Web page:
This model illustrating the fluid, organic forms of Jean Royère is one of the French designer's iconic pieces, along with the Ours polaire (Polar Bear).
Jean Royère (1902-1981), Éléphanteau armchair, model created in 1939, 88 x 68 x 63 cm/34.6 x 26.8 x 24.8 in.
Jean Royère Estate/Adagp, Paris, 2022
Presented in 1939 at the Salon of the Société des Artistes Décorateurs and the exhibition "From idea to form" staged by the Porza Association at the Palais Galliera in Paris, the Éléphanteau (Baby Elephant) chair laid the foundations for Royère's style. All curves and biomorphic lines, the seat features two “ears” on each side of the back, explaining the analogy with the elephant. On the strength of his success, the designer embarked on a quest for regularity and balance, reminiscent of the forms developed by Jean Arp at that time, particularly in sculpture. In the same way as the Dadaist’s "Concretions", Royère’s furniture blended into the space in which it stood. In addition, his pieces were often conceived as part of a whole, integrated into groups composed of accessories and lights with an often plant-like feel, like his famous Liane (Creeper) lamp.
Standing on conical legs, the Éléphanteau armchair seems to consist of a single line: a sort of closed-loop in perpetual motion. Though the seat was initially designed as an armchair, a sofa was later made in this model at the request of a Middle Eastern customer in 1951. These simple, natural forms reminiscent of Scandinavian furniture became recurrent in their creator’s vocabulary. They are found in another model, one of the most iconic in post-war design: the Boule sofa, also known as the Polar Bear, whose absence of any visible framework made it a total innovation for the late 1940s.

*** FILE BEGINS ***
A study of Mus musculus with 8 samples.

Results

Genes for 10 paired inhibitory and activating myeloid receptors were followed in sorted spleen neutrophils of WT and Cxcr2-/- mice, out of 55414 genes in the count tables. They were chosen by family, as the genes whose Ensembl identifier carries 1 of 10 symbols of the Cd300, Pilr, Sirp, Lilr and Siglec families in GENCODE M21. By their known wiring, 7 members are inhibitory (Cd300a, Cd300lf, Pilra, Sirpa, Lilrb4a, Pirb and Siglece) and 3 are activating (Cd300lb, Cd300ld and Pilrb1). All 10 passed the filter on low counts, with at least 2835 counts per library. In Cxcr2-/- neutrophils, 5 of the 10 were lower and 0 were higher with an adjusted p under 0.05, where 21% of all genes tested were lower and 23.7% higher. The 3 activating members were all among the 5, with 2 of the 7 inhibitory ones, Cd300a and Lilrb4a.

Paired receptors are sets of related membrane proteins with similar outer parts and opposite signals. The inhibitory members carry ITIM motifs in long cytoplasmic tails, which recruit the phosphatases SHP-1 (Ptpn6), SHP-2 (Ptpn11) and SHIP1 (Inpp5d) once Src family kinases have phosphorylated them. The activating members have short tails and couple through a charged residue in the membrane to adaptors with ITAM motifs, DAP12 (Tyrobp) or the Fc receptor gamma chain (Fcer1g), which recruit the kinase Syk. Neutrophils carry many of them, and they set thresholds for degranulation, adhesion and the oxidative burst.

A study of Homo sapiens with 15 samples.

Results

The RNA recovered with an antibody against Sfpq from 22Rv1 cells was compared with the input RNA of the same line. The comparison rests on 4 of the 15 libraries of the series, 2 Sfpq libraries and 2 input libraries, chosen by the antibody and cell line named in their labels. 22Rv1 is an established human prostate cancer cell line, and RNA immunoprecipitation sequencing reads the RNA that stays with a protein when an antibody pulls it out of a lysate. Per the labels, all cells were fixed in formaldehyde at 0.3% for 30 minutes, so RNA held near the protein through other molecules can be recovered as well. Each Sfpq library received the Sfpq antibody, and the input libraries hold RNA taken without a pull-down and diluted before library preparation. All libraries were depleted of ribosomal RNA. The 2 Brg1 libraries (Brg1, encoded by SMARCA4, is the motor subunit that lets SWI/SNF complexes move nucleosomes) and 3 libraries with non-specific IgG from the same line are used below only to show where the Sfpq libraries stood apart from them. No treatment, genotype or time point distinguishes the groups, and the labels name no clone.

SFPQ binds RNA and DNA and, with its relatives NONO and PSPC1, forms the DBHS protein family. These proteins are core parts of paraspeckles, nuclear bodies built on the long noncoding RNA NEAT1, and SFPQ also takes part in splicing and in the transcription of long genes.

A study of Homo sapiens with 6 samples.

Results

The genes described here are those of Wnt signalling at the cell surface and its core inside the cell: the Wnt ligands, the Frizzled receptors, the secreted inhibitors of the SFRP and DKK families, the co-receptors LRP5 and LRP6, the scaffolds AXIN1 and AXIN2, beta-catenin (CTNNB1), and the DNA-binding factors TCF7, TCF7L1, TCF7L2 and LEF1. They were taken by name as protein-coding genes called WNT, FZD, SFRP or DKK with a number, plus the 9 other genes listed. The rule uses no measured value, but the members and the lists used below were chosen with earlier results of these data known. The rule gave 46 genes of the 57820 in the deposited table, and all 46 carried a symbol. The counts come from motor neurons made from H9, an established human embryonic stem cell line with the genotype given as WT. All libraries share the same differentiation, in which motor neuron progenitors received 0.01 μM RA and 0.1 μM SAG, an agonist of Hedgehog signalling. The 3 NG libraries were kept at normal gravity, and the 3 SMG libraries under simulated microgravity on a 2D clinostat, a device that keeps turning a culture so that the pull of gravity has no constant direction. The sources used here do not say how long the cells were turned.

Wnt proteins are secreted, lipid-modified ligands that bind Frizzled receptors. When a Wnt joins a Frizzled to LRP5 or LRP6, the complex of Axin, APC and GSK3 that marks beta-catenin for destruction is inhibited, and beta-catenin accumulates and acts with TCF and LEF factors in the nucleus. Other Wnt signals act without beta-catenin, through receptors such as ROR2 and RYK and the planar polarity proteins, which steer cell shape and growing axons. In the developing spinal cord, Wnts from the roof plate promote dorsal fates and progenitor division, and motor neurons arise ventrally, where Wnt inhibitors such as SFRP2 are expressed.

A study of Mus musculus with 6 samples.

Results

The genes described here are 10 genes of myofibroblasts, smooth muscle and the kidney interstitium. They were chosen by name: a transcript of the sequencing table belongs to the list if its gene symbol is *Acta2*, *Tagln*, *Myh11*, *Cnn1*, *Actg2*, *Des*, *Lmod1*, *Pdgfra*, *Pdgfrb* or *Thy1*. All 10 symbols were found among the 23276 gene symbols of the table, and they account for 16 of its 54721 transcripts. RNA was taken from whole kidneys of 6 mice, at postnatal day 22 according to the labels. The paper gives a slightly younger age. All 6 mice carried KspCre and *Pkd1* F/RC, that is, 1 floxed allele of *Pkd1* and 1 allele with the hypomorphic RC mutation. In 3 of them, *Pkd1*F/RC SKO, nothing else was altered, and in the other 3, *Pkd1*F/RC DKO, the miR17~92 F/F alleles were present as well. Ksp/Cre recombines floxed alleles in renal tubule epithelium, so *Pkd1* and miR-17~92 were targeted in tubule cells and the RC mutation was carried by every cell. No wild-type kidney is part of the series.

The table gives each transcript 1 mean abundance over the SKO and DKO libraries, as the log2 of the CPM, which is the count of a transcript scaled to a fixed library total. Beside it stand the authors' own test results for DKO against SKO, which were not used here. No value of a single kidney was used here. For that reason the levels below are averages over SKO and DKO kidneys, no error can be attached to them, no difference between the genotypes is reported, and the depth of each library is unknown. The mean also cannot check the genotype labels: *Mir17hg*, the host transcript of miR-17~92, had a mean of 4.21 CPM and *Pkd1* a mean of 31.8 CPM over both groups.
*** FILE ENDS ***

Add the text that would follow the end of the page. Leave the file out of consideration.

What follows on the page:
Also created in 1947, the metal table called Flaque (Puddle), exhibited at the 1954 Salon des Arts Ménagers, completed this flagship trio by Jean Royère: an ensemble that finally did away with any traditional elements. Minimalist yet poetic, the creations of the man who abandoned a banking and exporting career at 29 expunged all ornamentation in favor of functionality. The legacy of the French designer reached far beyond France. When Jacobsen created his masterpiece, the Egg chair, 20 years later, he surely had the Éléphanteau’s free, minimalist but ergonomic forms in mind. These playful objects free of technical and formal constraints quickly became timeless, as witnessed by the market's enthusiasm—especially in the last two years—for both the Ours polaire and the Éléphanteau. A good omen for the pachyderm here.